Athens City Council members passed a one-reading resolution at the Monday night city council meeting opposing the Ohio Department of Natural Resources’ proposed rule that would allow for the trapping and killing of bobcats.
The rule allows for licensed bobcat trappers to trap and kill bobcats in Southeast Ohio. Councilman Jeff Risner, D-2nd Ward, called the proposed rule "premature" because not enough research has been done to assess the bobcat population.
The proposed ODNR rule is based on an increase in bobcat deaths in Southeast Ohio, Risner said.
Risner read a resolution authored by Heather Cantino, the vice chair of the Buckeye Forest Council board. According to the resolution, the rule change is irresponsible because bobcats were taken off the threatened and endangered list only four years ago.
“The species is still recovering from extirpation, is poorly understood and may already be compromised by roadkill and incidental trapping,” according to the resolution. “Bobcats do not overpopulate. Just like all wild cats, their populations are self-regulating.”
The resolution states the increase in bobcat sightings could be due to factors other than actual population increase.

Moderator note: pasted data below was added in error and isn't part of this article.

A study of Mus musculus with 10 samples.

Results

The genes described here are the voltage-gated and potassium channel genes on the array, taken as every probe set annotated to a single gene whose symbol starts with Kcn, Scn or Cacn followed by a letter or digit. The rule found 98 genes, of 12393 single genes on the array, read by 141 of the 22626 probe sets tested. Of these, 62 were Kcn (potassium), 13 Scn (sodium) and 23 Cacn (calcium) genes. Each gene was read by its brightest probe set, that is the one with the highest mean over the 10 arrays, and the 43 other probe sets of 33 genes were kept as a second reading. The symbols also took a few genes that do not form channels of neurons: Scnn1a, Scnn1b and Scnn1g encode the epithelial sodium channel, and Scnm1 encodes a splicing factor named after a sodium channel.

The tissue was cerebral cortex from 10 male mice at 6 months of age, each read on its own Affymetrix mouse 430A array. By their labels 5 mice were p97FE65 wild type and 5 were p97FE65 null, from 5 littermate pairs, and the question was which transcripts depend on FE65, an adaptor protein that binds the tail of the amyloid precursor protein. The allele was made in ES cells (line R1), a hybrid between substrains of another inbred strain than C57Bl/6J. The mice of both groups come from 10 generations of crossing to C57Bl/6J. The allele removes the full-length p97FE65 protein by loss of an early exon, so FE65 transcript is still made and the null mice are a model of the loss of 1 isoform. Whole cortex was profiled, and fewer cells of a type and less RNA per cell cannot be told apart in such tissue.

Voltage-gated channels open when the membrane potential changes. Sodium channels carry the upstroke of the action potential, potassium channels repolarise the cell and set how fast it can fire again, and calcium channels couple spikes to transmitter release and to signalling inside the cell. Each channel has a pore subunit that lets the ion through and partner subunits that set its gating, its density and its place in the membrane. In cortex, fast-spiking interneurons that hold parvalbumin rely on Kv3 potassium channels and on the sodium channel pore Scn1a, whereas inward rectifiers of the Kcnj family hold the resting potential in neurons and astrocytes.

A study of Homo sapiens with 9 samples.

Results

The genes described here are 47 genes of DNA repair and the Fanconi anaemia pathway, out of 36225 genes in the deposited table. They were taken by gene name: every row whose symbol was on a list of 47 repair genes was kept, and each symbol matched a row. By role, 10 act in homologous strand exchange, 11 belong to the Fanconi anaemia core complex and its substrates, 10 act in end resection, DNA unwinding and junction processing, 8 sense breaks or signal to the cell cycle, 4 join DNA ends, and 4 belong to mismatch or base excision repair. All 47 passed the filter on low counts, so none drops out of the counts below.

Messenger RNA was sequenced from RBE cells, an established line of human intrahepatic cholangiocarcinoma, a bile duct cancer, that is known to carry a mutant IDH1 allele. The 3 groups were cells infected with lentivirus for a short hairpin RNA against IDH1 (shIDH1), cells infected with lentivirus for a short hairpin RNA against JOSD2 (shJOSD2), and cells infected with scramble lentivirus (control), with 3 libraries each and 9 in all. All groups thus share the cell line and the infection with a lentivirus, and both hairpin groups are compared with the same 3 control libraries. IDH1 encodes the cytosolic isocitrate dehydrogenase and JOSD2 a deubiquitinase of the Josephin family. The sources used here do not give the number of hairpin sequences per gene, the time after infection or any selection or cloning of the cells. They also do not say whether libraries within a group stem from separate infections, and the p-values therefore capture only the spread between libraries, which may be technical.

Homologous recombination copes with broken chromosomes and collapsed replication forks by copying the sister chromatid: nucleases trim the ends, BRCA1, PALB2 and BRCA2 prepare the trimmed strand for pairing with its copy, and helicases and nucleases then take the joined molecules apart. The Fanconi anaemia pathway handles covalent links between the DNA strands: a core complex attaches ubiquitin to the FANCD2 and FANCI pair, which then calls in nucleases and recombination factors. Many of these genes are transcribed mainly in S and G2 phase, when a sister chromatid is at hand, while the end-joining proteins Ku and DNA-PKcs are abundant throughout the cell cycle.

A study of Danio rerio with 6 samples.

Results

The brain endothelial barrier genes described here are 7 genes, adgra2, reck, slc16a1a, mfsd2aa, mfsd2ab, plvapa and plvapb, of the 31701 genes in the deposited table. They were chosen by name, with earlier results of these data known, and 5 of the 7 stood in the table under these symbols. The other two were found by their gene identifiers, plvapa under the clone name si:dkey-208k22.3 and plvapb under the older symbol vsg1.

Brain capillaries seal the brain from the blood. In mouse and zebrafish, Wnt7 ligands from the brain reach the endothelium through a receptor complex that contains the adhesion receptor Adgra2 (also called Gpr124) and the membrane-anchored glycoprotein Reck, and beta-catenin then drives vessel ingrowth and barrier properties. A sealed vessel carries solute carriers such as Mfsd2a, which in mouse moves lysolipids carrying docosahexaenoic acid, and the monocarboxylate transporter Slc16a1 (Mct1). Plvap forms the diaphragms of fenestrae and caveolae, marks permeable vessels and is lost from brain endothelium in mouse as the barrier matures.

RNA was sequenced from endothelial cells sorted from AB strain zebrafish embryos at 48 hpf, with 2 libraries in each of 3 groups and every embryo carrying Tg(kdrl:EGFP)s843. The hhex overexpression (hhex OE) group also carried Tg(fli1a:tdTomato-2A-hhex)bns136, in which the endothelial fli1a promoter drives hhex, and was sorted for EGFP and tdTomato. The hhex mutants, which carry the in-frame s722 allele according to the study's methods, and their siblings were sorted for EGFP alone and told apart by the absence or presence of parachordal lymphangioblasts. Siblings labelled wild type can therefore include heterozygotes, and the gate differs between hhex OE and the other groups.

“I like the idea that there’s wild animals in the woods,” Risner said. “They’re worth more to me alive than they are dead.”
Rachel Martin, a representative for a group called Bobcats for Bobcats, spoke in favor of the resolution.
Martin said the group supports the resolution because the increase in bobcat sightings may be due to an increase in popularity of trail cameras and increased efforts to solicit bobcat sightings. She said only a conclusive genetic and DNA sampling can accurately assess the population.
City council members also discussed allowing the mayor to apply for a community development block grant for critical infrastructure. The grant would be used for improvements to a reservoir and for the dewatering equipment at the wastewater treatment plant.
Athens Mayor Steve Patterson said the one million gallon capacity reservoir needs exterior patching, crack filling, roof sealing and mechanical work.
Risner said the reservoir serves over 7,500 people in Athens.
“I think it’s a pretty important project to make sure they all have access to water for household use and public safety,” he said.